Chair: Time To Take Economic Development Bull By The Horn
October 18, 2021
Senate Economic and Small Business Development Chair Ken Horn(R-Frankenmuth) called Ford Motor Co.’s decision to build new plants in Kentucky and Tennessee a “gut punch to the state of Michigan.”
And he told his committee Thursday he’s ready to fight back.
On Sept. 28, Ford Motor Co. — Michigan’s largest company — announced it would build two battery plants in Kentucky, bringing 5,000 jobs, and a truck assembly plant in Tennessee, delivering 5,800 new jobs.
The move comes after General Motors invested $2 billion into its Spring Hill, Tennessee factory to start building electric vehicles, Horn said.
“Michigan really needs to take a look at what we have to offer our incumbent businesses, to keep them here in the state of Michigan when they expand and when they grow and when they retain employees here,” he said.
According to one report, Michigan “missed out” on a $11.4 billion investment in electric-vehicle operations, putting two Southern states in a position to be the up-and-coming leaders in the electric-vehicle manufacturing race.
“It was interesting because Michigan wasn’t even in the hunt,” Horn said. “Don’t get me wrong, I will never blame Ford Motor Co. for making decisions that are best suited for their organization and their employees . . . “
However, Horn said he blames himself a lot for how over the last several years, while he and his committee were designing tools for job development and workforce training — the two forgot to emphasize why they were so crucial.
“We forgot to tell our colleagues in the state of Michigan why we needed these tools — why we desperately need these tools . . . Well, that is going to change,” Horn said. “It is my intent to grow Michigan by a million people to get us up to 11 million people to fill all the jobs that we have and all the jobs we plan on creating.”
He said he is now seeking coalition members and partners, adding it should be a “no-brainer” for both Republican and Democratic leaders across the state. He also said at Thursday’s meeting, the committee will start hearing more testimonies around what is most pivotal for Michigan’s economic growth.
“We need to provide all the tools because it’s not us making these big investments — that are making these risky investments into jobs, into factories, into housing developments, into building our communities . . .” Horn said. “We have people that are taking those risks, we just need to help them.”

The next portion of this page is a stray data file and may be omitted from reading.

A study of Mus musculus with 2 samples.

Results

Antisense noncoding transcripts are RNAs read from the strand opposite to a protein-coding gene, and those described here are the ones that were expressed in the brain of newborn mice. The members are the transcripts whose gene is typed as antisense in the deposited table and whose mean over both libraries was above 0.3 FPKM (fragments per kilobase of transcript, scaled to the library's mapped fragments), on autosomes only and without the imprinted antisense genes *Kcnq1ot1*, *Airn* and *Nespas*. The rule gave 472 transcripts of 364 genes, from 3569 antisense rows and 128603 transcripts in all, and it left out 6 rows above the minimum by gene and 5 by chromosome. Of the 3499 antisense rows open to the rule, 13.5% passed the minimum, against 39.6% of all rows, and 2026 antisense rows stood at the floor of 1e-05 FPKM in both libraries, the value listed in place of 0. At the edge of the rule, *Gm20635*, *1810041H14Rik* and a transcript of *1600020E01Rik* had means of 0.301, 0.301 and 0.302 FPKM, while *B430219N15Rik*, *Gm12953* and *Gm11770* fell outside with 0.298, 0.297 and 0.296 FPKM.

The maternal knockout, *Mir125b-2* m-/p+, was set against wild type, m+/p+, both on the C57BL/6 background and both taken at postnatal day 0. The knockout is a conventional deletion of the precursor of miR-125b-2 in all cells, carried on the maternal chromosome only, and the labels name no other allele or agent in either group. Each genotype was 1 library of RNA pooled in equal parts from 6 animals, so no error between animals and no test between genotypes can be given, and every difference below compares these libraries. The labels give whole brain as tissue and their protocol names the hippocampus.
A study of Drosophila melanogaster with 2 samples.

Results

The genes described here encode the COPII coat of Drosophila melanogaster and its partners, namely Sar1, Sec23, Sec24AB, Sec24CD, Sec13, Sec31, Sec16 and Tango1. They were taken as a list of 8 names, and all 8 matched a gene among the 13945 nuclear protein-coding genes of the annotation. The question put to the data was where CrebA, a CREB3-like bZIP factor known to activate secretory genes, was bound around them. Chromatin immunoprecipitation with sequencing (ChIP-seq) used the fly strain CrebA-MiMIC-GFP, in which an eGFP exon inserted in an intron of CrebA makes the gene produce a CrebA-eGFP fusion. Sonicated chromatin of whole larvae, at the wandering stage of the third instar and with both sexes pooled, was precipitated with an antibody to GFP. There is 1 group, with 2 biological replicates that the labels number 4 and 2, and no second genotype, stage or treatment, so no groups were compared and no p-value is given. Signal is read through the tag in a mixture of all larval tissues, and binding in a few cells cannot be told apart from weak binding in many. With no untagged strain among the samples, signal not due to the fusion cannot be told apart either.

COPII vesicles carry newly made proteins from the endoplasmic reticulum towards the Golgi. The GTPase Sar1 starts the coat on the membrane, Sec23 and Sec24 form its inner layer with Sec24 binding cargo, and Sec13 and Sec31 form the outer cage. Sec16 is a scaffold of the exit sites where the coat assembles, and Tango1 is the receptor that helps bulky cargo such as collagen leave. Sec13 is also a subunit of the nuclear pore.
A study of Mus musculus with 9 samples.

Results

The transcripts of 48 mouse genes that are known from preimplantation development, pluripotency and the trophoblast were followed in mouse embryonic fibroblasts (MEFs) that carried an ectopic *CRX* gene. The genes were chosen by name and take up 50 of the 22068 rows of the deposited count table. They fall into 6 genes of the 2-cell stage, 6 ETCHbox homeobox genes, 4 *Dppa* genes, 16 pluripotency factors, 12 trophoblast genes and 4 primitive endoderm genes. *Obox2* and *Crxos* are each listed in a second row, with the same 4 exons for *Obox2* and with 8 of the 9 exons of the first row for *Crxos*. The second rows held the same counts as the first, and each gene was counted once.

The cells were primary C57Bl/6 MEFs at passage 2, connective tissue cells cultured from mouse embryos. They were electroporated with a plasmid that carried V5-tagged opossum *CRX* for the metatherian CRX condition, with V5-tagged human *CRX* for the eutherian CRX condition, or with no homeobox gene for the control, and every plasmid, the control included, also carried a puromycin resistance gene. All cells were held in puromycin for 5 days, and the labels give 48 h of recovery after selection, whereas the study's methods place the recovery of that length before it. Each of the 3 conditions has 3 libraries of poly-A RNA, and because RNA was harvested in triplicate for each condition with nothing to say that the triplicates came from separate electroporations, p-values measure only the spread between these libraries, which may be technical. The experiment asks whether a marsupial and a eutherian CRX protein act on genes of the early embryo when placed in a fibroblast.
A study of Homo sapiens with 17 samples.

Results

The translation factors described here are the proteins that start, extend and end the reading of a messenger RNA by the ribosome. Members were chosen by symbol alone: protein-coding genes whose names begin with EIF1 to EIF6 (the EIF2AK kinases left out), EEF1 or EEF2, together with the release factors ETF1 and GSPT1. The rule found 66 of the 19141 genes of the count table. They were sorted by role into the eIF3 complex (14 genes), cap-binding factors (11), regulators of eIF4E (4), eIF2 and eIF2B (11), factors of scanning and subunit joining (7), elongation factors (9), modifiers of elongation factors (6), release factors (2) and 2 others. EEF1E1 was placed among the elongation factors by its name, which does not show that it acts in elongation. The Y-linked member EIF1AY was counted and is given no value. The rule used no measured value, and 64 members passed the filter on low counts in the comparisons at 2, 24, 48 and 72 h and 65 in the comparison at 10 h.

At Thursday’s meeting, Horn presented SB 0671 for transformational brownfield plans — referring to a regeneration project of a polluted property — which is related to the Thrive Initiative from 2017 with modifications.
Under the legislation:
– The mixed-use requirement would be waived for projects in a municipality with a population of 25,000 or less and consisting of a $15 million investment
– Eliminates the mandate for a positive fiscal impact test
– Clarifies the process for calculating and withholding captured revenue for when employees are on-site versus working remotely
– A third-party underwriting analysis would only be expected from projects with at least $10 million in captured revenue
Through the original Thrive Initiative that was signed by previous Gov. Rick Snyder, projects were authorized to collect up to 30% of the state tax generated from new jobs and residents within the completed development for a period of up to 20 years.
However, in order for the project to be economically viable, a financial need or gap needed to be demonstrated and there was a need for the idea to be a “mixed-use development” with the purpose of having a transformational impact on the area.
There was also a cap of $300 million for tax captured during the construction period and $800 million for income withholding tax captured over the life of the program.
“The bill before you doesn’t authorize a single extra penny. The money is there. The problem is we made the program so difficult, communities couldn’t use it. So, this is about extending it and reforming,” said Jared Fleisher, the vice president of government affairs for Rocket Mortgage.